Modern Art Museum Prank Goes Viral

Fair-minded people will have all sorts of different opinions about modern art. Some people will find deep, enriching meaning in a trip through an exhibition hall, and some people will inevitably find it a little too highfalutin for their tastes. But whether you're a devotee or not, it's important not to take yourself too seriously, right? After all, nothing's wrong with an innocent joke. Just ask visitors to the San Francisco Museum of Modern Art (SFMOMA) on Monday ― they saw maybe the best modern art-related prank ever.

Here's the basic idea: a group of Bay Area teenagers were reportedly spending some time at the SFMOMA, which just recently celebrated the grand opening of a dramatic and eye-catching new expansion. And one of them ― 17-year-old TJ Khayatan, who told Buzzfeed's Javier Moreno about the virtuoso prank in an interview on Wednesday ― saw everyone gawking at seemingly mundane installations, and decided to try something out.

He put a pair of eyeglasses on the ground, close to the wall of the exhibit hall, giving the distinct-yet-understated impression that they could've been one of the many works of art on display. Then he waited to see how people reacted, and snapped a few photos. You can probably guess what happened.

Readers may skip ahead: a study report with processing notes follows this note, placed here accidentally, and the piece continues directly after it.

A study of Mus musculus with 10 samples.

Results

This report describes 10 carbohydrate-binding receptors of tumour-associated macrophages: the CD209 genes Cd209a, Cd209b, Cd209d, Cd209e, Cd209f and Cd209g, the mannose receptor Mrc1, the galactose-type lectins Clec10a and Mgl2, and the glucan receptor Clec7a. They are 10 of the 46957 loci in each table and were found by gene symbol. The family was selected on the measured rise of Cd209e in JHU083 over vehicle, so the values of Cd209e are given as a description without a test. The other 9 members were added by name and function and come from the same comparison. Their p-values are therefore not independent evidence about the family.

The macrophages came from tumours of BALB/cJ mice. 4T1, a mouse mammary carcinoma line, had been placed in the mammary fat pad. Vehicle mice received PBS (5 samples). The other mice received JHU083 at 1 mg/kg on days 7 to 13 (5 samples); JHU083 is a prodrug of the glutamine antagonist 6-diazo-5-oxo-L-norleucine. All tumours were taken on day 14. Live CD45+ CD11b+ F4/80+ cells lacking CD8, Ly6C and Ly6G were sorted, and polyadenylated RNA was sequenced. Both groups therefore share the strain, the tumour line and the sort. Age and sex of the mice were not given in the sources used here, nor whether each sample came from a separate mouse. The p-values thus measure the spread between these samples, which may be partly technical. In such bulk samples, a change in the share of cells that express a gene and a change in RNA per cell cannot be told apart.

The funny thing is, given the subjective nature of art appreciation and interpretation, the people who gathered around to snap photos of the cleverly-placed glasses weren't even necessarily wrong about what they were witnessing. Individuals are always going to have strongly independent, personal connections and reactions to works of art, and as such, the eye-of-the-beholder standard should carry a lot of weight here. Khayatan doesn't sound at all personally disdainful towards modern art, either ― here's what he told Moreno.

I can agree that modern art can be a joke sometimes, but art is a way to express our own creativity. Some may interpret it as a joke, some might find great spiritual meaning in it. At the end of the day, I see it as a pleasure for open-minded people and imaginative minds.

That said, the people snapping their own photos of the glasses clearly thought they were observing something carefully placed in a curated space for them to appreciate ― which was true, sort of, but strictly for the laughs, and not by the proprietors of the SFMOMA. Hats off to all involved on this one, and to the museum for clearly having such a good sense of humor about it.